I was recently thanked by an opera singer via twitter for being so “enthusiastic”. My enthusiasm for opera is long and deep with roots in childhood and I spent much of my 20’s working as a stage manager, production coordinator, and/or cueing supertitles in Houston, Norfolk, San Antonio, Austin, and Los Angeles.
But I’m not littering my twitter feed with opera enthusiasms just because I have enjoyed a particular performance. In our current cultural climate, those of us that attend opera and/or symphony performances on a regular basis have an important part to play in the continuation and health of these art forms.
Because I am an enthusiast, I have been dismayed to read about the demise of New York City Opera and the near demise of the San Diego Opera. The crippling lockout of the Minnesota Orchestra, the strike by the San Francisco Symphony, and the impending meltdown of the Metropolitan Opera have made me even more depressed about the future of our beloved art forms.
Some “fans” and “journalists” have taken to the internets to excoriate the managers of current arts organizations or call the unionized musicians who play for them all sorts of tacky names. While the issues in these disputes matter, this atmosphere of nastiness doesn’t do a thing to actually solve the real problem of attracting new and enthusiastic (!) audiences to classical music.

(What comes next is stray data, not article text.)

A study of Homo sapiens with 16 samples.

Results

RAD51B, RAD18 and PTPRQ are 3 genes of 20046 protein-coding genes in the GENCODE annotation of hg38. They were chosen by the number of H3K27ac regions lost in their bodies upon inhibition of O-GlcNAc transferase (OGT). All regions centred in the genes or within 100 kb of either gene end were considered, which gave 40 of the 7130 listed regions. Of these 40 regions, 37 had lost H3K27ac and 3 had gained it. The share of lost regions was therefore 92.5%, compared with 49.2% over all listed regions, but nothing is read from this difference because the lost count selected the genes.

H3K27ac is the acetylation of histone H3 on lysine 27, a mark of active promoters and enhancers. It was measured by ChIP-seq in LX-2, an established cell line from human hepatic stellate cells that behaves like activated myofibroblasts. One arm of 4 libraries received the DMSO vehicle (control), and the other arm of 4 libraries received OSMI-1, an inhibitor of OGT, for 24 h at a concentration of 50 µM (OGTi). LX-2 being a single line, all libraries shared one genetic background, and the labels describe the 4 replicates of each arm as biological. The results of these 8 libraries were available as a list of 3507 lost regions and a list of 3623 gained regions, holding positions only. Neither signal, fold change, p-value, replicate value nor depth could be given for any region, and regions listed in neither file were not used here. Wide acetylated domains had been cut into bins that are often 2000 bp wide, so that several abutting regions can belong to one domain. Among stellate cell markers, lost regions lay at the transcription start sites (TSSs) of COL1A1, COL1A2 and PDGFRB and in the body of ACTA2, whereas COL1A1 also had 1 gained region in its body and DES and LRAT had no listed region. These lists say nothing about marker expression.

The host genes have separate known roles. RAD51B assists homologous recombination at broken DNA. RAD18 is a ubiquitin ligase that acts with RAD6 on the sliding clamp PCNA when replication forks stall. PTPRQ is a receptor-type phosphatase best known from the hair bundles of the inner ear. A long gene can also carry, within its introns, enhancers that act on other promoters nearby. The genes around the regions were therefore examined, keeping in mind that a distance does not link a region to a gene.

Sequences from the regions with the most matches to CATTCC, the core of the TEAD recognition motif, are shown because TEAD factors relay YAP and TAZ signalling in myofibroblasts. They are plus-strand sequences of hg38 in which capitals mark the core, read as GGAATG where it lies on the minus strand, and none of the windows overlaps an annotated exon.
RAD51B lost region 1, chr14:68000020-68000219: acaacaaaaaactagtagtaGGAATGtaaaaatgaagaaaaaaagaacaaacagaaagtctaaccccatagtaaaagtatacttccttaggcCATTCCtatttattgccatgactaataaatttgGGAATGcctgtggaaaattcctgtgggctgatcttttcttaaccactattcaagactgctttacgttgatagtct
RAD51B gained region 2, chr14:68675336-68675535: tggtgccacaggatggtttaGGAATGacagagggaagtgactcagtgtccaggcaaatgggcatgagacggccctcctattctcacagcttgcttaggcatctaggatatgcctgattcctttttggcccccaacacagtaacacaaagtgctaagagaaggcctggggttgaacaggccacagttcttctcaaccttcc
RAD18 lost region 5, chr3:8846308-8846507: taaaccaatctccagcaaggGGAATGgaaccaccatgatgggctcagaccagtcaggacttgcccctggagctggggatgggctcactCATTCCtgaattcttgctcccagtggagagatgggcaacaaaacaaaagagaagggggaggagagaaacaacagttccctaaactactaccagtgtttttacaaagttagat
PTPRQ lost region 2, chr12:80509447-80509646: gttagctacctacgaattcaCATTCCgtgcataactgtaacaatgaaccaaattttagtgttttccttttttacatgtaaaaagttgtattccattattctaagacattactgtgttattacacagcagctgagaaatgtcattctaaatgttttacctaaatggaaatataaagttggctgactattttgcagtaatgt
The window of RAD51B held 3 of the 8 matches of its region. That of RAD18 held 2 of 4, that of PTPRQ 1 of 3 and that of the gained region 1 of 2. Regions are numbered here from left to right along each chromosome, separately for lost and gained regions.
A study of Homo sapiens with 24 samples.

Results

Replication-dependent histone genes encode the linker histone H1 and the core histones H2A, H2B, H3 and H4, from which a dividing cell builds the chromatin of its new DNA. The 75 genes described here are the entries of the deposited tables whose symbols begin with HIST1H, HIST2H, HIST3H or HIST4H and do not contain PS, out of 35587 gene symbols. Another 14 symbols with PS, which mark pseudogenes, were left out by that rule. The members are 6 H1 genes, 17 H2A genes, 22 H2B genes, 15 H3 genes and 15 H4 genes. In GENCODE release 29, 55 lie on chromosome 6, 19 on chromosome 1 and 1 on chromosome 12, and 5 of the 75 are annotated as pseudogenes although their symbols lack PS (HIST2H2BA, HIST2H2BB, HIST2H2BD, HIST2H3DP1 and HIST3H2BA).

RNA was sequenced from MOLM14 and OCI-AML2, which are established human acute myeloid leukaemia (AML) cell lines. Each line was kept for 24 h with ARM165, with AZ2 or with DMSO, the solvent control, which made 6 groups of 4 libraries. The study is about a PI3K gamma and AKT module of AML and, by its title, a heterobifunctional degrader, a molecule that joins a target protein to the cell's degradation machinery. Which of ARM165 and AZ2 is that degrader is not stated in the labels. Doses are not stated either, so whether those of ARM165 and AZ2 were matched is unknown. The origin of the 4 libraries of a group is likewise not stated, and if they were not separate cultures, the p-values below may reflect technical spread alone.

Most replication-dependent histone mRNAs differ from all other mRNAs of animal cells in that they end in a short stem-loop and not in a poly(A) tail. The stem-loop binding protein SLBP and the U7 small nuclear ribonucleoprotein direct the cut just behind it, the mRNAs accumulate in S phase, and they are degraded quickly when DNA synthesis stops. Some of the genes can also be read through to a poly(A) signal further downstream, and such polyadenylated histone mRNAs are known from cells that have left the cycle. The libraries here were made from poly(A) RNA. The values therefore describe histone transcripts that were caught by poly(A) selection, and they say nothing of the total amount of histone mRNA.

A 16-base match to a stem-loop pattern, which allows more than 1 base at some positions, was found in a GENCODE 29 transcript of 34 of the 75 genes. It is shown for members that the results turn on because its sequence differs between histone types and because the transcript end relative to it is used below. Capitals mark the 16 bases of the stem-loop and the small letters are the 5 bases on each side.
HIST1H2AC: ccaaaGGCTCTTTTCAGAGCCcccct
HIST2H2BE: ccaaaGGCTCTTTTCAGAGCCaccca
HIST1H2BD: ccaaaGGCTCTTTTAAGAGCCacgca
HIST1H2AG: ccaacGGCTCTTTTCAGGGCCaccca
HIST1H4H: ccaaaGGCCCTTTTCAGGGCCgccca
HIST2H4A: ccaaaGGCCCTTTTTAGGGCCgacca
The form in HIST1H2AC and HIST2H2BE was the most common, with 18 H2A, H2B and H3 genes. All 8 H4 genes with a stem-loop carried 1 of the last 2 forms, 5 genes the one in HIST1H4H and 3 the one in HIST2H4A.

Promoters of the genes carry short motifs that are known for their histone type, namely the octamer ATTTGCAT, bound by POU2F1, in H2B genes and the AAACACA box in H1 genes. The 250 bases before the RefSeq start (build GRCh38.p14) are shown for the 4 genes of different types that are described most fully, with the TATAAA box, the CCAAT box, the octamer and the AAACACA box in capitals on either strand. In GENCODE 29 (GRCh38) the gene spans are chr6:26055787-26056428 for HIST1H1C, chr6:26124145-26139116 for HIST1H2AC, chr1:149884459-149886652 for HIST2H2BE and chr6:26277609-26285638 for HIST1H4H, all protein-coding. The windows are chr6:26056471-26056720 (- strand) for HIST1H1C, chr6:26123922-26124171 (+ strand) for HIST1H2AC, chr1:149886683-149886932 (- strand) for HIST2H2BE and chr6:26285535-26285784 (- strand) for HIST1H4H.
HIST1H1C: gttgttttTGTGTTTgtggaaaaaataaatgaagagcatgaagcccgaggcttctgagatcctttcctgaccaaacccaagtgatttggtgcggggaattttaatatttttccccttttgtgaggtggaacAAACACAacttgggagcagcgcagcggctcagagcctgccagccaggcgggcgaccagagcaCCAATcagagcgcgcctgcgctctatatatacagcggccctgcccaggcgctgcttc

Here’s where we fans enter from stage left. I don’t know anyone who gets up in the morning, sees an ad on a bus shelter for the local production of Madama Butterfly and then goes online to buy a pair of tickets for the price of dinner at Chez Panisse.
Nope. Love of opera and classical music is learned. You decide to give it a whirl because someone (in my case, my Dad) played a recording for you, took you to a performance, or encouraged you to listen.
In our current culture, that person who might introduce you to opera or classical music could be a teacher, an acquaintance, or even a facebook friend or twitter follower who invites you to Opera at the Ballpark or some other free outreach event.
There are some amazing artists performing these days and even though they will never be famous like Pavarotti, back when opera had more cultural caché, they deliver the goods all over the world to an appreciative, if dwindling audience.
So while everyone else is doing their “fan” thing for the World Cup, I’m excited about hearing Britten tonight at the San Francisco Symphony and seeing all three of the summer operas at the San Francisco Opera that are perfect for first-timers: Showboat, La Traviata, and Madama Butterfly and hope you will be too! Follow me @revgirrl to find out more!